Energy costs push euro zone factory prices up in December

Tuesday 04 February 2014 12.02
Prices at factory gates in the euro zone in 2013 rose by 0.2% in December
Prices at factory gates in the euro zone in 2013 rose by 0.2% in December

More expensive energy made euro zone producer prices grow faster than expected month on month in December, data showed today.

But year-on-year prices still fell, which pointed to risks of deflation that the ECB will have to address later this week. 

Prices at factory gates in the euro zone in 2013 were up 0.2% in December against November, the EU's statistics office Eurostat said. 

Analysts polled by Reuters expected prices to rise 0.1% on the month. But compared with the same time the previous year, producer prices still fell 0.8%, even though the pace slowed from a 0.9% fall in November.

Changes in producer prices indicate inflationary pressures early in the pipeline because unless absorbed by retailers, they eventually translate into consumer inflation, which the European Central Bank wants to keep below, but close to 2%. 

Consumer inflation unexpectedly fell in January, raising pressure on the ECB to consider fresh policy action on Thursday to counter deflation risks and support a weak euro zone recovery that may be running out of steam.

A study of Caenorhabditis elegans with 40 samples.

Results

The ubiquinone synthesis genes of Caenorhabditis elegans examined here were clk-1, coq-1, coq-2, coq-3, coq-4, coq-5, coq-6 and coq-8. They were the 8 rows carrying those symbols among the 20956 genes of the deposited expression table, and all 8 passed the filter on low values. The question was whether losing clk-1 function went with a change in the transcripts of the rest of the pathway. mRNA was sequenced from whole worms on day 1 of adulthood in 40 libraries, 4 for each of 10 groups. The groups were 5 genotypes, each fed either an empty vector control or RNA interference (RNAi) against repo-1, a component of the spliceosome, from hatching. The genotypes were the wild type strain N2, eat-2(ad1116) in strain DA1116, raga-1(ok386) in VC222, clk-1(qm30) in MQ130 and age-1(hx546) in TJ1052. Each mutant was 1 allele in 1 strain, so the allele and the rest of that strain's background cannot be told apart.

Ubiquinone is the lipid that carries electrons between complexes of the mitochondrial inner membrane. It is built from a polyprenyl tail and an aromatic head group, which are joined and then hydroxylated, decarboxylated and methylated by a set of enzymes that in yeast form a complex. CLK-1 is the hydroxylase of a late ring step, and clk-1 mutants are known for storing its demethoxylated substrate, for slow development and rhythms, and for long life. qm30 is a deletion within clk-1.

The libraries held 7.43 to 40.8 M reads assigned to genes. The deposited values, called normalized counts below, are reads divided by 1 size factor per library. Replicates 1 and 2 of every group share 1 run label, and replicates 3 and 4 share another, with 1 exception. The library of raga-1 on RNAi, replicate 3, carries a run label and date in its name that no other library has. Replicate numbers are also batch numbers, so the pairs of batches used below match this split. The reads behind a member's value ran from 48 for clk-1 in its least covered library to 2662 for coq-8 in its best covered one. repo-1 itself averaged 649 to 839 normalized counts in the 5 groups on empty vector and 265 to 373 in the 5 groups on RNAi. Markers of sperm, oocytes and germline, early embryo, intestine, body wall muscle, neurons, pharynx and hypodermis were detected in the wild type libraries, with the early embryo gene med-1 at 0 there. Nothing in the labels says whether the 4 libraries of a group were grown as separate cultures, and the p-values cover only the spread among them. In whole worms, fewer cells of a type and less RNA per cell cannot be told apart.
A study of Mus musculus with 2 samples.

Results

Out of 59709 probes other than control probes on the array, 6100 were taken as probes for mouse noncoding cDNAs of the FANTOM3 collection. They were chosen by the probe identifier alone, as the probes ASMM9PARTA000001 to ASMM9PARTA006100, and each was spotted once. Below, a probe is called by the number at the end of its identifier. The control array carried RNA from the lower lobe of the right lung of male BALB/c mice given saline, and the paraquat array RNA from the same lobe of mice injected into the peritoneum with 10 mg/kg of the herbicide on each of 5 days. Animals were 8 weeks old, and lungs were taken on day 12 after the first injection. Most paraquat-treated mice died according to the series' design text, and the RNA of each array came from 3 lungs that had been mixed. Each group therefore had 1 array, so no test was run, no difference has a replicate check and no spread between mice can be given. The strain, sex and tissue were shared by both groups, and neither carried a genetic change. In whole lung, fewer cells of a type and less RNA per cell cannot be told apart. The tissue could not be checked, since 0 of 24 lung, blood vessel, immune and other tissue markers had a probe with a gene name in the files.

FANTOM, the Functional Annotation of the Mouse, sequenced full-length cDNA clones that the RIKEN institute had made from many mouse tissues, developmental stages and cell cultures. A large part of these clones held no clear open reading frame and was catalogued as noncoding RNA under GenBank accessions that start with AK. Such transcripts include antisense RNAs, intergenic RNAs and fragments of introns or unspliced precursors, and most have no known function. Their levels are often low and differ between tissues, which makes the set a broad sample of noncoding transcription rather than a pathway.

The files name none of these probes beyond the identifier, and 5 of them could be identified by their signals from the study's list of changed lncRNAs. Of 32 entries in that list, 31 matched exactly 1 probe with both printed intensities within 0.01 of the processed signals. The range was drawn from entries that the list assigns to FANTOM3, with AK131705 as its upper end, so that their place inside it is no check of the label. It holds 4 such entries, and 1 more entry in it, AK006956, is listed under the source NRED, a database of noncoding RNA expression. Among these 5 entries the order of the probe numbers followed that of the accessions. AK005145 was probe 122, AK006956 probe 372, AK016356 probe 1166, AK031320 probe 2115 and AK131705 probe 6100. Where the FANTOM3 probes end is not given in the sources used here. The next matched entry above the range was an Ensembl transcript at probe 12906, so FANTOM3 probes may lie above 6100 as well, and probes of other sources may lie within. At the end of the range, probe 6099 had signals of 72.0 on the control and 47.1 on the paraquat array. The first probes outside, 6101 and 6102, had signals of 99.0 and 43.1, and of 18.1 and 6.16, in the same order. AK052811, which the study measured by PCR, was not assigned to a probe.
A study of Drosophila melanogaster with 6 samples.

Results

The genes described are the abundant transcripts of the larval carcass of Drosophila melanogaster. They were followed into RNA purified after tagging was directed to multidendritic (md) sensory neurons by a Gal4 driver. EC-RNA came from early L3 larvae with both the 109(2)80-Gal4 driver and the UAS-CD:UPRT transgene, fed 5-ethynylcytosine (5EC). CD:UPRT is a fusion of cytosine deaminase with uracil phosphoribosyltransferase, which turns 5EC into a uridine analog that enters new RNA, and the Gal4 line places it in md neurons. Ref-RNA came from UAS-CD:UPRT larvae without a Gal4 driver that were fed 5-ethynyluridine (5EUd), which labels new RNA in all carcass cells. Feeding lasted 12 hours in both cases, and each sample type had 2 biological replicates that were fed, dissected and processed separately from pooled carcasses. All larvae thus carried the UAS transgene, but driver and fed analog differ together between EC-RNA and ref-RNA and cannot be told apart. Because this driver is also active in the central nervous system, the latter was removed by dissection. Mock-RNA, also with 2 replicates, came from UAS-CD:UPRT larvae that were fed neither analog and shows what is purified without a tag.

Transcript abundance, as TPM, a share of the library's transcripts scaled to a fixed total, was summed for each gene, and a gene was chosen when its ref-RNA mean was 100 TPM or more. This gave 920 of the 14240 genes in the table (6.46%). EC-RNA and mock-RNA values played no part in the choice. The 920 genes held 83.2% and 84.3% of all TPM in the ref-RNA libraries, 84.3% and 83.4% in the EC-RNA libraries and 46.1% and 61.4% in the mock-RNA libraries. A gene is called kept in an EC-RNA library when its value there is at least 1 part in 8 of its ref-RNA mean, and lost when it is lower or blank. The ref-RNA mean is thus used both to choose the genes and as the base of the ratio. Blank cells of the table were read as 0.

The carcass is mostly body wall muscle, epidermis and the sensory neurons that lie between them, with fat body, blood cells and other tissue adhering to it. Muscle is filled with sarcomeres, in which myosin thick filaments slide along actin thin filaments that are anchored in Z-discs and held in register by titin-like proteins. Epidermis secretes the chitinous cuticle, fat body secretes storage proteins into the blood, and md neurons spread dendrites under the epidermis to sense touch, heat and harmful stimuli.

The monthly rise in producer prices, the first one in three months, was driven by a 0.5% increase in the costs of energy, followed by a 0.1% rise in the prices of non-durable consumer goods. 

While prices at factory gates in Europe's largest economy Germany started growing for the first time in three months by 0.1%, producer price growth in the second largest France slowed to 0.2% in December from 0.5% in November.    

Producer prices in the southern periphery of the euro zone, slowly regaining competitiveness through years of  austerity policies, went up in December, rising 1.1% on the month in Spain, 0.4% in Portugal and 0.1% in Greece.    

The European Central Bank will hold its monthly monetary policy meeting on Thursday in Frankfurt, but analysts polled by Reuters expected it will keep the key interest rate at their record lows of 0.25%.